Parliament lobbies  Ekusileni re-opening


PARLIAMENT is lobbying for the urgent reopening of Ekusileni Hospital for Covid-19 eventualities saying the city’s isolation institution, Thorngroove Infectious Diseases Hospital, will not cope.

Situated in Woodlands suburb, Ekusileni Hospital is the brainchild of the late vice president Joshua Mqabuko Nkomo and has been lying idle since the turn of the millennium. 

Parliamentarians made the proposal after touring Mpilo Central Hospital, United Bulawayo Hospitals (UBH) and Thorngroove Infectious Diseases Hospitals.

The Ruth Labode-chaired parliamentary portfolio committee on Health and Child Care toured the three hospitals on Thursday to assess their preparedness in the event of the outbreak of novel coronavirus in the country.

Following the tour of the three hospitals, the committee concluded that the city is far from prepared, and proposed that Ekusileni Hospital be immediately open as Thorngroove will not cope since it has a capacity of 30 beds.

Addressing the media following the tour of the hospitals, Labode blasted the government for concentrating its efforts on Wilkins Infectious Diseases Hospital in the capital while neglecting the second largest isolation centre in the country.

“Everything we saw at Wilkins Hospital is because the Health minister, and the World Health Organisation (WHO) took the initiative.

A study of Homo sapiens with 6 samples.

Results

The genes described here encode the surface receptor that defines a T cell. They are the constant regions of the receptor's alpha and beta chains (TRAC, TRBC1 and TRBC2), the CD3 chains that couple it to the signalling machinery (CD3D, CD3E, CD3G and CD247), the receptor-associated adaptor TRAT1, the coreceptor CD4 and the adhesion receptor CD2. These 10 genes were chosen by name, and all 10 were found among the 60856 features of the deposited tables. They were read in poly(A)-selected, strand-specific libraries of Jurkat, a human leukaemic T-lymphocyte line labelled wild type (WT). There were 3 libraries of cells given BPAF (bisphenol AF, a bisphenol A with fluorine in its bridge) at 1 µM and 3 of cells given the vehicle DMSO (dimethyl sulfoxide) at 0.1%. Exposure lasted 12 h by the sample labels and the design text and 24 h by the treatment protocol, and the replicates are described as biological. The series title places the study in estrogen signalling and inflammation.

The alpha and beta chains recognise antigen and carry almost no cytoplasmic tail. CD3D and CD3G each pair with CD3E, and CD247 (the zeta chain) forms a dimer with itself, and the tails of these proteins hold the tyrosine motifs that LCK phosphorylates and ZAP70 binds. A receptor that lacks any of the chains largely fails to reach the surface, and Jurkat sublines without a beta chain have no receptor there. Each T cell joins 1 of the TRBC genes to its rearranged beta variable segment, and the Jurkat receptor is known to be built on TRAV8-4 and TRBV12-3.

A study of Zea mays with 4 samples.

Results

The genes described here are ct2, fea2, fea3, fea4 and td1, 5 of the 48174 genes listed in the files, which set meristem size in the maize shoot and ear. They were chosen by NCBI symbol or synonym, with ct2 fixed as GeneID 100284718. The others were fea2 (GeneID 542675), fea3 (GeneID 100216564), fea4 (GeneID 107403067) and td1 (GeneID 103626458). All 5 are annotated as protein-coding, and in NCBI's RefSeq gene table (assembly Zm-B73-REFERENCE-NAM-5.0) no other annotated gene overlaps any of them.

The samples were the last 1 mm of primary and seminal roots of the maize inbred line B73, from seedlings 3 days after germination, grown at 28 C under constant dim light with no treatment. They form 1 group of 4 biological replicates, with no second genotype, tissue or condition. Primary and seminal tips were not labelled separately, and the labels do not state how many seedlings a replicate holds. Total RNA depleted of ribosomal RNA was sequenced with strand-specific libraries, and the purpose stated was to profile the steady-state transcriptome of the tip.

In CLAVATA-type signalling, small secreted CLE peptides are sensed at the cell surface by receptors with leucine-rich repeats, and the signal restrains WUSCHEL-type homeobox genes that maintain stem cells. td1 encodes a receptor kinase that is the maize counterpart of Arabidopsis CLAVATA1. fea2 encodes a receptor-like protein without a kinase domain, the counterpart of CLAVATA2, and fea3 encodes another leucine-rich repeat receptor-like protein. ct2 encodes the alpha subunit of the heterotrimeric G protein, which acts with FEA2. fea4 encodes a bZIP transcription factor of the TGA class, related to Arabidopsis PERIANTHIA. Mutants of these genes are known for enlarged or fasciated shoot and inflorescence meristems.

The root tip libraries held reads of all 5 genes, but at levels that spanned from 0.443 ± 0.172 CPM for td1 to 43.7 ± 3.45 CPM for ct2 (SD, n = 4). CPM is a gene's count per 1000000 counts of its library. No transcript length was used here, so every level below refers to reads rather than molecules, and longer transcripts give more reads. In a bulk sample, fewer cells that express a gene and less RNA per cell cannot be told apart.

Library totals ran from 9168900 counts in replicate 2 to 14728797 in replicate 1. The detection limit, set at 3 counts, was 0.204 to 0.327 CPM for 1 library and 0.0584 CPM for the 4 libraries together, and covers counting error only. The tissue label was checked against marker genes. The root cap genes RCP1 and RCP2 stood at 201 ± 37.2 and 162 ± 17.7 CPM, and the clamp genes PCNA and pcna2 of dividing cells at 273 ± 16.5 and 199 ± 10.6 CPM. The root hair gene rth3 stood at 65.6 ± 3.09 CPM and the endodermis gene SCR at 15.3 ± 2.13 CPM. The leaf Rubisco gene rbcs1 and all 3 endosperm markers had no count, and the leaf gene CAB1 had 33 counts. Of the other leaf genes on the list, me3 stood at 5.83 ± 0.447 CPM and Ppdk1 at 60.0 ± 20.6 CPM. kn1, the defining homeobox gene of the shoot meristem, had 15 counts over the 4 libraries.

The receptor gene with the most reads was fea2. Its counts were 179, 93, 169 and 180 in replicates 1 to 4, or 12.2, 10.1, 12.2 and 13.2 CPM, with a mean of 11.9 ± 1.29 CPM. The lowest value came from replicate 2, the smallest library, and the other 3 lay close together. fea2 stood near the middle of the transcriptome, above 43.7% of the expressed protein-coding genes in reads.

“Everybody assumed since Covid-19 was in China, the first entry point was going to be Harare through the Harare International Airport. However, Covid-19 has dodged and it has gone to South Africa.

“I strongly feel we should open Ekusileni and prepare for eventuality. Ekusileni needs to be opened like yesterday. We renovate this place (Thorngroove) because it has nursing staff.

“The nurses will look after critical patients needing nursing care. The mild cases must be taken to Ekusileni Hospital for isolation,” Labode said.

Labode added that her committee will follow up on the US$25 million proposed by the Global Fund towards the renovation of Thorngroove and purchasing beds and blankets for Ekusileni Hospital.

During his recent visit to the city, Global Fund director Peter Sandy proposed that US$25 million of the total US$500 million granted to Zimbabwe be channelled towards helping the country fight novel coronavirus.

“We want some of that money to be brought to Bulawayo to renovate this place and bring it up to standard. Everything needed must be done now before we fall into trouble.”

At Thorngroove, there are a handful of beds for patients, equipment, protective gear, with the hospital relying on Ebola equipment and the one it used when treating drug-resistant tuberculosis. This is despite visit by Health minister Obadiah Moyo who toured the facility early February and pledged to swiftly avail all the necessary equipment to the institution.

At Mpilo and UBH, clinical directors also appealed for more resources for Covid-19 eventualities and the chief executive officers tabled lists of equipment required to prepare the hospitals for the outbreak.

This means the city will rely on Harare for test kits and laboratories when the disease reach the city.

Other committee members called for the decentralisation of decision making processed from head office to allow the city to adequately prepare.